Everyone knows, whether from Law and Order or from popular culture in general that words spoken to an attorney by a client are forever privileged, sacrosanct and private. As is true with many well-known facts, the true contours of the actual fact may not closely conform to the cliché. Often, widely held beliefs are simply urban legend.
We are proud to present an article on how attorney client privilege plays out in legal malpractice settings from today’s New York Law Journal.
“The noble purpose of CPLR 4503 is to foster frank and protected dialogue between attorneys and clients in professional engagements, thereby ultimately promoting the administration of justice. The privilege applies to communications with attorneys relating to the attorneys’ representation (or potential representation), whether it’s the individual attorney, partners, corporate staff counsel or outside counsel. The privilege applies both to communications from clients to attorneys and from attorneys to clients.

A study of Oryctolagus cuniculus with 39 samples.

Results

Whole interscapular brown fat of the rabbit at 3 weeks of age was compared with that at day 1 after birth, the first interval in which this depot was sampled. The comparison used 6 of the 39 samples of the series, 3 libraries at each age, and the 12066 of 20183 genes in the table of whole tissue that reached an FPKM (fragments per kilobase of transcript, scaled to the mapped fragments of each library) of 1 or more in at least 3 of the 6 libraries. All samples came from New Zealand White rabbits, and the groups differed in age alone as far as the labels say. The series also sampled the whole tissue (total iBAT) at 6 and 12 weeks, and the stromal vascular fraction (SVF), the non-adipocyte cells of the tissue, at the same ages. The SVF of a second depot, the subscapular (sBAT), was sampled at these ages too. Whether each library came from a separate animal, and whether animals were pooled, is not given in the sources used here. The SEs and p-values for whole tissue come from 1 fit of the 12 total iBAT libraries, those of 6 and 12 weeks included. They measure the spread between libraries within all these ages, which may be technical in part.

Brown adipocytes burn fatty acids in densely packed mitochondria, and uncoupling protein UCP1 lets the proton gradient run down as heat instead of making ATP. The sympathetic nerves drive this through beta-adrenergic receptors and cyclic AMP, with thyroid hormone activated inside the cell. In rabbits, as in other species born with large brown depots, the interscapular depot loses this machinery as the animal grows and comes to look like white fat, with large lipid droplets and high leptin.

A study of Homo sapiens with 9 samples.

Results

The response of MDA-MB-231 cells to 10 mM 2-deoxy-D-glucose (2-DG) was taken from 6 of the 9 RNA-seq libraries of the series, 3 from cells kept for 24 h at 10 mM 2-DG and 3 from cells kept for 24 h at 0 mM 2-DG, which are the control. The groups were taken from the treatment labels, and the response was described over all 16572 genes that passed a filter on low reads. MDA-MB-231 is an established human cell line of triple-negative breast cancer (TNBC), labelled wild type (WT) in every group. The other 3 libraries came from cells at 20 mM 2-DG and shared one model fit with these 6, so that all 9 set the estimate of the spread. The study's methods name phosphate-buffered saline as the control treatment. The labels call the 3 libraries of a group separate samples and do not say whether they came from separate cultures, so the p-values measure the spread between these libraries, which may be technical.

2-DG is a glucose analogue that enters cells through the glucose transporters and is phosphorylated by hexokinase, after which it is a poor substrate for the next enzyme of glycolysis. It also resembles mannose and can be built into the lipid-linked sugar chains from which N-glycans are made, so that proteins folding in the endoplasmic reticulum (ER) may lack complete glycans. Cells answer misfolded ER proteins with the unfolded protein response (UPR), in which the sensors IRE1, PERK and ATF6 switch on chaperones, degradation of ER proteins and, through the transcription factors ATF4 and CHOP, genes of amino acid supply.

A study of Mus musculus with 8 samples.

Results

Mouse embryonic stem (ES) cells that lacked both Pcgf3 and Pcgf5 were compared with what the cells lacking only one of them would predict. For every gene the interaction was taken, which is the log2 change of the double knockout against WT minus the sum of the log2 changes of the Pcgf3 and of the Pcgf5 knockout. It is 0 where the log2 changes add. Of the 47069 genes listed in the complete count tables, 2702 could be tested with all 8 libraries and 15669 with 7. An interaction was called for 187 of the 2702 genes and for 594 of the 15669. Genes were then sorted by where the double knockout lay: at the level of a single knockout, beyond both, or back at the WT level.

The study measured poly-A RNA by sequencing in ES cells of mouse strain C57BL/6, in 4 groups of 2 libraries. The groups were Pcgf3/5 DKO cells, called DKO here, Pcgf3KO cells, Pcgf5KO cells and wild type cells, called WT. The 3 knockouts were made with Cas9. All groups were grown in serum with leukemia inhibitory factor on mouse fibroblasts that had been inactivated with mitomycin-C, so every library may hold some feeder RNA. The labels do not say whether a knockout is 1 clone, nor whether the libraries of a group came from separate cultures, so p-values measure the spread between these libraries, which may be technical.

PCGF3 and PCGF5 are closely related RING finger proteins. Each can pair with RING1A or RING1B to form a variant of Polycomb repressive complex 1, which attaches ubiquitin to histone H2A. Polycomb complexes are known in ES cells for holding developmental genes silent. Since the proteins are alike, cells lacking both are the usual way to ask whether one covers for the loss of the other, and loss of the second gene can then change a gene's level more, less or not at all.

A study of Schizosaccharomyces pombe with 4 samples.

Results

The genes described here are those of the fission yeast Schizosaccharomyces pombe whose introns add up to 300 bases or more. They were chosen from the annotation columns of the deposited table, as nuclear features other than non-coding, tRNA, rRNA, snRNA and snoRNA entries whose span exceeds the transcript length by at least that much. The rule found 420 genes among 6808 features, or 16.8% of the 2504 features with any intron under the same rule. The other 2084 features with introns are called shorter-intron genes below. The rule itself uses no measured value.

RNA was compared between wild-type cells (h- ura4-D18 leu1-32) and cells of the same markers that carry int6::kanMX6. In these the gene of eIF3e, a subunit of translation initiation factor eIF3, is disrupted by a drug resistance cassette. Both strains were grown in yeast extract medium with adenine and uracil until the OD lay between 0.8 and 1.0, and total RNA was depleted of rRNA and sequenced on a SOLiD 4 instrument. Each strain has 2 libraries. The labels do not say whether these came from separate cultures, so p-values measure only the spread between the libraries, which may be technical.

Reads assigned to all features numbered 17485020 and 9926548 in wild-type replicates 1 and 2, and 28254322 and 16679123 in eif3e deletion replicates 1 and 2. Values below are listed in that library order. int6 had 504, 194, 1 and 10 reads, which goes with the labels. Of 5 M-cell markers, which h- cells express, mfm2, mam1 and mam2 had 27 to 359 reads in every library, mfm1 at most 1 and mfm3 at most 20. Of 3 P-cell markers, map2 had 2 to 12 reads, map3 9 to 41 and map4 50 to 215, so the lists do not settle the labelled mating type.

Recognized long ago, the “attorney-client privilege rests not only upon the professional character of the employment, but also upon the confidential nature of the communication.” Bauman v. Steingester, 213 N.Y. 328, 333 (1914). New York’s protection of this privilege remains strong. “The attorney-client privilege shields from disclosure any confidential communications between an attorney and his or her client made for the purpose of obtaining or facilitating legal advice in the course of a professional relationship.” Ambac Assur. v. Countrywide Home Loans, 27 N.Y.3d 616, 623 (2016).”